By Steve Bergsman
The sprawling mall called CentralWorld in Bangkok held no attractions for my wife until she stumbled across a store called "Jim Thompson." Curious, she entered to look at the beautiful silk purses and articles of clothing, all with this unfamiliar label. Outside of Thailand's capital city, the name Jim Thompson is meaningless — almost sounding like a fictional character in a 1940s film noir.
However, Jim Thompson was a real person and his home in Bangkok is now a stunningly beautiful museum. His death is still one of the great mysteries in the annals of spy-dom and the subject of a book by Joshua Kurlantzick called "The Ideal Man: The Tragedy of Jim Thompson and the American Way of War."
All that begs the questions why is there a store named after him and why is his home so revered? In my estimation, the Jim Thompson House is one of the top five sites visitors should see when in Bangkok, and that list includes the Grand Palace and Wat Pho, the Temple of the Reclining Buddha.
The easy story is that Jim Thompson, born in 1906 into a wealthy Delaware family, came to Thailand in 1945 two days after Japan surrendered, thus ending World War II. Trained as an architect with a sharp aesthetic eye, he became enamored with the commercial possibilities of handmade Thai silk, an industry fast disappearing due to mass production. He created an enterprise called the Thai Silk Company Ltd., and probably because he had considerable contacts in America and was a natural conversationalist Thai silk was adopted for use in the Broadway play "The King and I" and in the movie, as well. In the 1960s Thai silk became the country's most famous export. That explains the store.
In 1958 he began building his abode on the banks of a canal. Most of the buildings on his property, including the prime residence, were constructed from existing structures found in small remote villages. He had the buildings dismantled, shipped to Bangkok and re-established as part of his compound, which would eventually include an extensive garden. The whole feel of the property is as if one were walking into a historic building. The columns are ironwood, the main wood teak and it all has the dark feel of a Thai palace, including step-overs in entryways to keep the evil spirits from oozing into the rooms.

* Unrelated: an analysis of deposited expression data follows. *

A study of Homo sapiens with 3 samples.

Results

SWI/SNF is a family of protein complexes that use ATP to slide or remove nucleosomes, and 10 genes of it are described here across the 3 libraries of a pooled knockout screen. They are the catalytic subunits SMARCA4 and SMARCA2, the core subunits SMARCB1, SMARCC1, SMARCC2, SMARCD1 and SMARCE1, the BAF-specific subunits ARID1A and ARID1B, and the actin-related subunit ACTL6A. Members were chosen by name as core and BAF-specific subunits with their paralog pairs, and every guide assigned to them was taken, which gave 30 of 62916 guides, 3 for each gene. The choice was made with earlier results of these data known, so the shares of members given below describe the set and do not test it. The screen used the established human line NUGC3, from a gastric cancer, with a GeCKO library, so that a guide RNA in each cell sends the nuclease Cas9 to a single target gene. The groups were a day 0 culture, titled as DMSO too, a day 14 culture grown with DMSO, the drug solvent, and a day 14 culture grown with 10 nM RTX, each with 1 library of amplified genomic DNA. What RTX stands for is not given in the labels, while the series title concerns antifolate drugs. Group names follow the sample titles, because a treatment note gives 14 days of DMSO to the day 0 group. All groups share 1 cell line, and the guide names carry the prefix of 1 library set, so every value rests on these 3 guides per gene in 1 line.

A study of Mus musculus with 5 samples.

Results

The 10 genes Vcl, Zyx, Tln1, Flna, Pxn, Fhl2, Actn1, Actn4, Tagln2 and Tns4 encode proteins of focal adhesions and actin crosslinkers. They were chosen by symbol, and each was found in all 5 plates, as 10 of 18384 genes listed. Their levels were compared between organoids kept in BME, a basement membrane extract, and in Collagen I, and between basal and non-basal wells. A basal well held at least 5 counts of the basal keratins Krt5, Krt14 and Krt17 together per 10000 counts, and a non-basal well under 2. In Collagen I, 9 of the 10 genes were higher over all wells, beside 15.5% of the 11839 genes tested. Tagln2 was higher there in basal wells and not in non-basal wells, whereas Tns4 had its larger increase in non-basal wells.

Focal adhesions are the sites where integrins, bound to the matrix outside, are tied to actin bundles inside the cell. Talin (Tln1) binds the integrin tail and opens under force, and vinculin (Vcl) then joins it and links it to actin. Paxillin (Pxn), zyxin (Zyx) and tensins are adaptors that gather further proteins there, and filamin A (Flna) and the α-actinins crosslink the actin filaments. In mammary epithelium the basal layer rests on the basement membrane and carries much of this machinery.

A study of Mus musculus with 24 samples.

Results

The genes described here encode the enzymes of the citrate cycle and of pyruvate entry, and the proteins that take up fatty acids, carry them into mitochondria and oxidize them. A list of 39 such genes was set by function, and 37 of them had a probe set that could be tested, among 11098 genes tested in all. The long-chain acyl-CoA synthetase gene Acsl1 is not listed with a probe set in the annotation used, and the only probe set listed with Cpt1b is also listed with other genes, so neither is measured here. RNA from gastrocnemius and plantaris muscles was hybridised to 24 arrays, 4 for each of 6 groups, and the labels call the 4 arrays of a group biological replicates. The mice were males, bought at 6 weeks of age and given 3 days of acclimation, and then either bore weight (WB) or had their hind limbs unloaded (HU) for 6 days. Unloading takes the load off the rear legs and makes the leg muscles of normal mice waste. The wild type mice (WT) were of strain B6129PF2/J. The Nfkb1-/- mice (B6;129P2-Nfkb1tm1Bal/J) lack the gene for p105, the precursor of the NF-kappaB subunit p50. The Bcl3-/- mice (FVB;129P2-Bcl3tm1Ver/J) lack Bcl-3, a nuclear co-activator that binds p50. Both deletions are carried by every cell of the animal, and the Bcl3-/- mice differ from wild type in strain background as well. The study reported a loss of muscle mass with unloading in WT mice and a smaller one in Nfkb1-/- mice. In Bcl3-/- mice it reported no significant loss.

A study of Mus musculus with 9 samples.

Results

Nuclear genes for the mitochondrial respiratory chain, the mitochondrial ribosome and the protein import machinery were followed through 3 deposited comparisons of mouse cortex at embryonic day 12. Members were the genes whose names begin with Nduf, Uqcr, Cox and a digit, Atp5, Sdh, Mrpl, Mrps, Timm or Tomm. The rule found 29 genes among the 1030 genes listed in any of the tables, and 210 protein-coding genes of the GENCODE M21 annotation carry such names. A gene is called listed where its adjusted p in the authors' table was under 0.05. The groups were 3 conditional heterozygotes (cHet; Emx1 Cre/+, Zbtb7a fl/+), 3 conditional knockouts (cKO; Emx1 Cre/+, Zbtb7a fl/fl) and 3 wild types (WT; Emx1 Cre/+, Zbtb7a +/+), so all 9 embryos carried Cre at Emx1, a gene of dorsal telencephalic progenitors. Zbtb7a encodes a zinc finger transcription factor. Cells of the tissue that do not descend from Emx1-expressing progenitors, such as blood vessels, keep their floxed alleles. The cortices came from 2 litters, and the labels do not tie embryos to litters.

It's most common to see ancient artifacts and works of incredible beauty in large, famous museums, but it's a rare treat to see the artworks and treasures in the original places where a collector brought them all together so he could enjoy the presence of great art. With an unerring eye, Thompson collected ancient statures, prints, paintings, ceramics and bric-a-brac from across Southeast Asia. By the time of his death he had acquired hundreds of worthy examples of ancient Asian art. It was, and still is, an amazing collection spread across the six houses on the property. The oldest, major piece is a seventh-century stone Buddha.
The three key areas of the home are the large drawing room, which was created from a house built around 1800 in the village of Baan Krua. This room is where Thompson entertained, and it boasts large carved Asian furniture with myriad pieces of artwork all around, including a sandstone head of a Buddha image from the late13th century.
Also of interest is Thompson's bedroom, decorated with numerous sandstone deities from as early as the 11th century. Most curious, however, is a wooden maze for pet mice built in the 19th century. I found his study of particular interest, and it was the only air conditioned room in the house. What caught my eye here was a map of Siam (Thailand) drawn in 1686.
Thompson originally came to Bangkok working for the Office of Strategic Services, which was the forerunner of the Central Intelligence Agency. Although he eventually would make his home in Bangkok and create a successful silk enterprise, Kurlantzick suggests he remained in, or close to, the intelligence business for the rest of his life: "... when Japan surrendered Thompson stayed on in Bangkok as a spy; everyone knew that — he'd been working all over the region, with the Thais, Lao, Cambodians and Vietnamese. Even after Thompson formally resigned from America's spy service ... many assumed he never really left his old job."
Then one day in 1967, while visiting the Cameron Highlands in western Malaysia, Thompson went for a walk. He was never seen again. Coincidentally, or not, that same year his sister was murdered in the United States. When Thompson didn't return from his solitary ramble, a search party of local trackers, American military and the CIA undertook a large-scale rescue effort to no avail — the King of Thai Silk was never found.
Fortunately, you can find his house in Bangkok.
WHEN YOU GO
While in Bangkok, I stayed at the Courtyard by Marriott: www.marriott.com.
The Jim Thompson House was a short ride away by BTS Sky Train: www.jimthompsonhouse.com.
Steve Bergsman is a freelance writer. To read features by other Creators Syndicate writers and cartoonists, visit the Creators Syndicate website at www.creators.com.
This former temple is now part of the compound at the Jim Thompson House in Bangkok, Thailand. Photo courtesy of Steve Bergsman.